Fan’s sexy outfit shouldn’t have been cause for a foul at Sixers game | Jenice Armstrong
Security doesn't get to deny a woman's admittance to a basketball game because officials don't like her outfit.
A fashion model accompanying photographer Reuben "Big Rube" Harley almost didn't get to see the 76ers season opener Thursday night, all because of the way she was dressed.
Harley, as you may know, made a name for himself in the 1990s as marketing director with Mitchell & Ness, when he helped popularize the throwback-jersey trend with rappers Jay Z and Sean "Diddy" Combs, among others. These days, when he's not photographing Philly residents for his popular Street Gazing blog, he works on various ad campaigns for companies such as Saxbys, or serves up his signature chicken and waffles at restaurant pop-ups at Moonshine, 1825 E. Moyamensing Ave.
But Thursday night, he was just another basketball fan with an entourage trying to get into the Wells Fargo Center to watch the Sixers take on the Chicago Bulls.
Harley made it through, but security blocked the entrance of the woman with him, Shaliah Rismay, saying she wasn't dressed properly.
That left Harley, a former Daily News freelance photographer, crying foul.
He has a point.
Since when does security get to sit in judgment of how a fan at the Wells Fargo Center dresses?
I checked with the Sixers. and there isn't an official dress code for games.
I checked the Wells Fargo Center's website and sifted through its rules for a mention of a dress code, but didn't see one. After repeated calls and texts to Wells Fargo Center's public relations office, I got a text back from Chelsey Scalese, who said, "A dress code is not something I am able to comment on at this time."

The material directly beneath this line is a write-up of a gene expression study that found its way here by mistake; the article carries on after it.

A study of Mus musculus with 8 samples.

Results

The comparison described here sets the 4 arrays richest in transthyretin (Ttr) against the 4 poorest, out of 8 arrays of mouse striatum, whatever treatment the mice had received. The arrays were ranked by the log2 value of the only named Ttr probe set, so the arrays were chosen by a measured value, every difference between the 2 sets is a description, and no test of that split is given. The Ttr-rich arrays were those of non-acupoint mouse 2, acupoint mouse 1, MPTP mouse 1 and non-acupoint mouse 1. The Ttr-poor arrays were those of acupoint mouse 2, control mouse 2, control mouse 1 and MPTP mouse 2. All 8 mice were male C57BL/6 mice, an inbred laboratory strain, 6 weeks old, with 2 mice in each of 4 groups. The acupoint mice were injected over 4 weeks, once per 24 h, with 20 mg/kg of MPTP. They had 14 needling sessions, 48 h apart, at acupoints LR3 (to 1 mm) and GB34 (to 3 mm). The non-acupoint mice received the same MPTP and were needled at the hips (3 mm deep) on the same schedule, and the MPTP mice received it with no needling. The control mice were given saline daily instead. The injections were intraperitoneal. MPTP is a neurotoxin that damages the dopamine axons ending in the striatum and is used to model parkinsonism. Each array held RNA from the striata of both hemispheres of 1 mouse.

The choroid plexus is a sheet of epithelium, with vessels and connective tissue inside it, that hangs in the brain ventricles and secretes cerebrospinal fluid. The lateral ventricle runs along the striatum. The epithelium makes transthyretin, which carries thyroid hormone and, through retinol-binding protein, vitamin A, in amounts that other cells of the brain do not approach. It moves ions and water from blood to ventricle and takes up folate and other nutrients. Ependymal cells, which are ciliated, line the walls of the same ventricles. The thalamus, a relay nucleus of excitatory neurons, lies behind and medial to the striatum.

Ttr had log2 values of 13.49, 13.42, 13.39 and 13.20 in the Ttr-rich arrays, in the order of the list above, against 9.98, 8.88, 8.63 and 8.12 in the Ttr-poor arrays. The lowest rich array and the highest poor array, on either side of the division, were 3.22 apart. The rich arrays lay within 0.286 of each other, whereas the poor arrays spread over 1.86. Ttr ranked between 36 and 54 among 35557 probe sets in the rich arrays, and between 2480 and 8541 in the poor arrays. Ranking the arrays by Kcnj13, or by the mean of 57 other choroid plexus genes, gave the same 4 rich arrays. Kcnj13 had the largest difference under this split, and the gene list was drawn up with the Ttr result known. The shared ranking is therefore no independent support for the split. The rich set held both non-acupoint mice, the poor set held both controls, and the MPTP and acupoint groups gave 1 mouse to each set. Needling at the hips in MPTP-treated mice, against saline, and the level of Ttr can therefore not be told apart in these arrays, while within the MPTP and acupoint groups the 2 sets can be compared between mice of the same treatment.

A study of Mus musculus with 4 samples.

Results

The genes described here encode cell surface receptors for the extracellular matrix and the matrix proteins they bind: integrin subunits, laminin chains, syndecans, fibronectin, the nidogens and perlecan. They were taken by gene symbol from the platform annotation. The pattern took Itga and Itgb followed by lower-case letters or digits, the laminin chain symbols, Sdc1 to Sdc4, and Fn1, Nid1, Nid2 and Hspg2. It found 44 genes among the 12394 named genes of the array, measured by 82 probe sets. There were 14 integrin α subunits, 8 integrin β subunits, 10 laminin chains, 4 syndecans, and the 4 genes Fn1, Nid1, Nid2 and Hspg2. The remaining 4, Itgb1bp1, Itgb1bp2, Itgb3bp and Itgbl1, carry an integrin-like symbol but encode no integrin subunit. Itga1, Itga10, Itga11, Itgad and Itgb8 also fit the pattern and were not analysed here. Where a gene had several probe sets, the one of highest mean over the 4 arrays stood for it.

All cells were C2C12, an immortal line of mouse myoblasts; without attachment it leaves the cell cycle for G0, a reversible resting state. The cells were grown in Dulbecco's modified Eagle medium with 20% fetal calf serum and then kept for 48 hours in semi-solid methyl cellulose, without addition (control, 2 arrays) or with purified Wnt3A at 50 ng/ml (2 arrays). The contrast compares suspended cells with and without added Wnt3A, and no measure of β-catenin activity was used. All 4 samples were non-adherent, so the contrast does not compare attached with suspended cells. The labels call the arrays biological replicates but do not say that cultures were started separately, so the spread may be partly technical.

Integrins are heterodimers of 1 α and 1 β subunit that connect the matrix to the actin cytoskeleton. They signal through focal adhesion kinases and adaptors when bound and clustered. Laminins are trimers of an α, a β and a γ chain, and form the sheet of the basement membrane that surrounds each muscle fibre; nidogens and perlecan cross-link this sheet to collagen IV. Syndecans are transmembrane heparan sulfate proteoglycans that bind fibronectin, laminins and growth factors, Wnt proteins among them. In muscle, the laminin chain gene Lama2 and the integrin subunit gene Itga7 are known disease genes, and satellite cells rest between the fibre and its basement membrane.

The night of the game, Rismay was wearing black, patterned Wolford pantyhose, a black leotard with a colorful Mickey Mouse image on front, 4-inch YSL pumps, and an over-size black leather jacket.
Granted, in that outfit, she looked more like a hip-hop starlet about to take the stage at a Made in America concert on the Parkway than the average sweatshirt-wearing fan queuing up for a cheesesteak at the Wells Fargo Center, but that's beside the point. The jacket she was wearing added a touch of modesty. because it was long enough to cover her hips.
It's not my idea of what one would wear to see a basketball game. I'm old school. Jeans or leggings would do it for me and my friends. We don't walk around in leotards and high heels. But then, we aren't being photographed, as Rismay was that night. And as she pointed out, "All my skin was covered."
This reminds me of an incident from two years ago, when singer Sevyn Streeter said she was told by the team she could not perform the national anthem because of her "We Matter" jersey. The team later apologized.
Last week's standoff at the door didn't end until after Harley went into a nearby gift shop and purchased a hoodie for her to wear over her outfit. Then and only then was Rismay permitted into the game.
"It was embarrassing for all of us," recalled Simon "One Punch" Carr, who was with Harley that night. "They called the police…. All eyes were on us. They were looking at us like we stole something."
While at the Wells Fargo Center, Harley took photos of Rismay posing with uniformed Sixers dancers, who also were wearing skimpy attire — booty shorts, fishnet pantyhose, and sneakers.
She was as scantily dressed as they were. So, if it's appropriate for the Sixers cheerleaders to perform in front of thousands dressed in skimpy attire, then why is it not OK for a female fan to be similarly dressed?
I think the Sixers and the Wells Fargo Center owe Rismay and her friends an apology.